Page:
Dozens gather at Lake Merritt to honor those killed at queer club in Colorado

on November 26, 2022

About three dozen people gathered at the Lake Merritt amphitheater on a chilly Friday night to remember the five people who were killed last weekend in a mass shooting at a queer nightclub in Colorado Springs. 

During the three-hour vigil, people, mostly wearing black, listened to music — some hugging, others crying, and many laughing together, as they tried to care for one another in the wake of continued brutality against queer people in the United States.

“Being queer and trans in 2022 is just living through an endless wave of senseless tragedy and violence directed at us,” Bella Hangnail said, as music played in the background. “Taking the time to make space like this to process our grief so that we can move forward is really important.”

At the start of the vigil, that message was made plain, with the crowd being told: “This space is ours.”

Lake Merritt vigil
Bella Hangnail plays guitar and sings to the crowd. (Jeremiah O. Rhodes)

The pictures of the five people killed at Club Q were displayed on an altar, surrounded by flowers and candles. 

“I want to live and thrive in a queerness that is antithetical to settler colonialism and white supremacy,” B, the vigil’s organizer — who did not feel safe using their full name, given the recent violence against queer people — said to the crowd. “We have a long, hard fight in front of us. I encourage everyone to get really good at taking care of each other and ourselves.”

Honoring the five people who were killed and the two dozen who were injured was not the vigil’s only purpose. People came to honor queer people “from these stolen Ohlone lands to Iran and Colorado Springs and beyond.”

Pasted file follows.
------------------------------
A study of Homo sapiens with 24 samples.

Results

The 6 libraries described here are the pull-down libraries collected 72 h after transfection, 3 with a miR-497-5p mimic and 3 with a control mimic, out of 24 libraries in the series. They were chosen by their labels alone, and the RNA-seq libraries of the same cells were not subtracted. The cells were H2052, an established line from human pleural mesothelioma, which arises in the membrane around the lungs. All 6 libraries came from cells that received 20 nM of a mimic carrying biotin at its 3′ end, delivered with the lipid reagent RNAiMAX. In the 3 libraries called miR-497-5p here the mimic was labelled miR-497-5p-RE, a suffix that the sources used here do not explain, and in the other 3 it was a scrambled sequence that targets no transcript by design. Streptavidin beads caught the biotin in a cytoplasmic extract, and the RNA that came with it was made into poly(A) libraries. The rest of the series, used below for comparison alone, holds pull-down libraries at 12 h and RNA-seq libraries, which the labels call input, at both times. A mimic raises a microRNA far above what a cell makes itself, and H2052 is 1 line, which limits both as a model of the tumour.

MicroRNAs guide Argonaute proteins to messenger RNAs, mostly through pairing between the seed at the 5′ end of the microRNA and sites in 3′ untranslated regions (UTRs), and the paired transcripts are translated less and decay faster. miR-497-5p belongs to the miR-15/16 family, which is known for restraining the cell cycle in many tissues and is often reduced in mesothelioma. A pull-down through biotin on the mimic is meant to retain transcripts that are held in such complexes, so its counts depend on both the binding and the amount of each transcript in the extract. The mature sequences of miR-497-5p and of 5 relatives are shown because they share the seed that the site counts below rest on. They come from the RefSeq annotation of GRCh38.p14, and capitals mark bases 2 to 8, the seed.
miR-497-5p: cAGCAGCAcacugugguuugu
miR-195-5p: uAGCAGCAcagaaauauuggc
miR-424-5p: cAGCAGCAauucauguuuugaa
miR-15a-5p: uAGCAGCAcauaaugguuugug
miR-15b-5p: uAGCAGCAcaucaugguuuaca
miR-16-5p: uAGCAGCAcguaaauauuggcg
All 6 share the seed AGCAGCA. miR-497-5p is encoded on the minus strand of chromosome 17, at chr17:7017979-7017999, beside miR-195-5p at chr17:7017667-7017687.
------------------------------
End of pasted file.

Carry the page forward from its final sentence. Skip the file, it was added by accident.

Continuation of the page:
Across the U.S., politicians have proposed and enacted legislation restricting the rights of members of the LGBTQIA+ community, and the attacks have left many queer people emotionally exhausted. For many, the vigil was an opportunity to combat that. 

Bree Gaddy, an Oakland resident who works for the National Network of Abortion Funds, came to mourn in community with other queer people. 

“It’s been a heavy life with a lot of violence,” Gaddy said. “My friend invited me to this, and I was like, ‘I’m really tired.’” 

Gaddy chose to attend the vigil anyway, saying, “It’s nice to just be with others and do a little ritual and just be in my body with everything that’s been going on.”

Lake Merritt vigil
People, one donning a trans flag, gather sat the vigil. (Jeremiah O. Rhodes)

Several musicians participated in the vigil. Hangnail played guitar and sang “8 Full Hours of Sleep” by the punk band Against Me!. 

“Tomorrow, America just might fall apart,” she sang, as the crowd shouted the lyrics with her. 

“Let the new night bring you peace
And the promise of tomorrow.”

Off to the side, a pair, sitting on the pavement, took swigs from a flask, looked at one another, and embraced, holding one another as the song continued.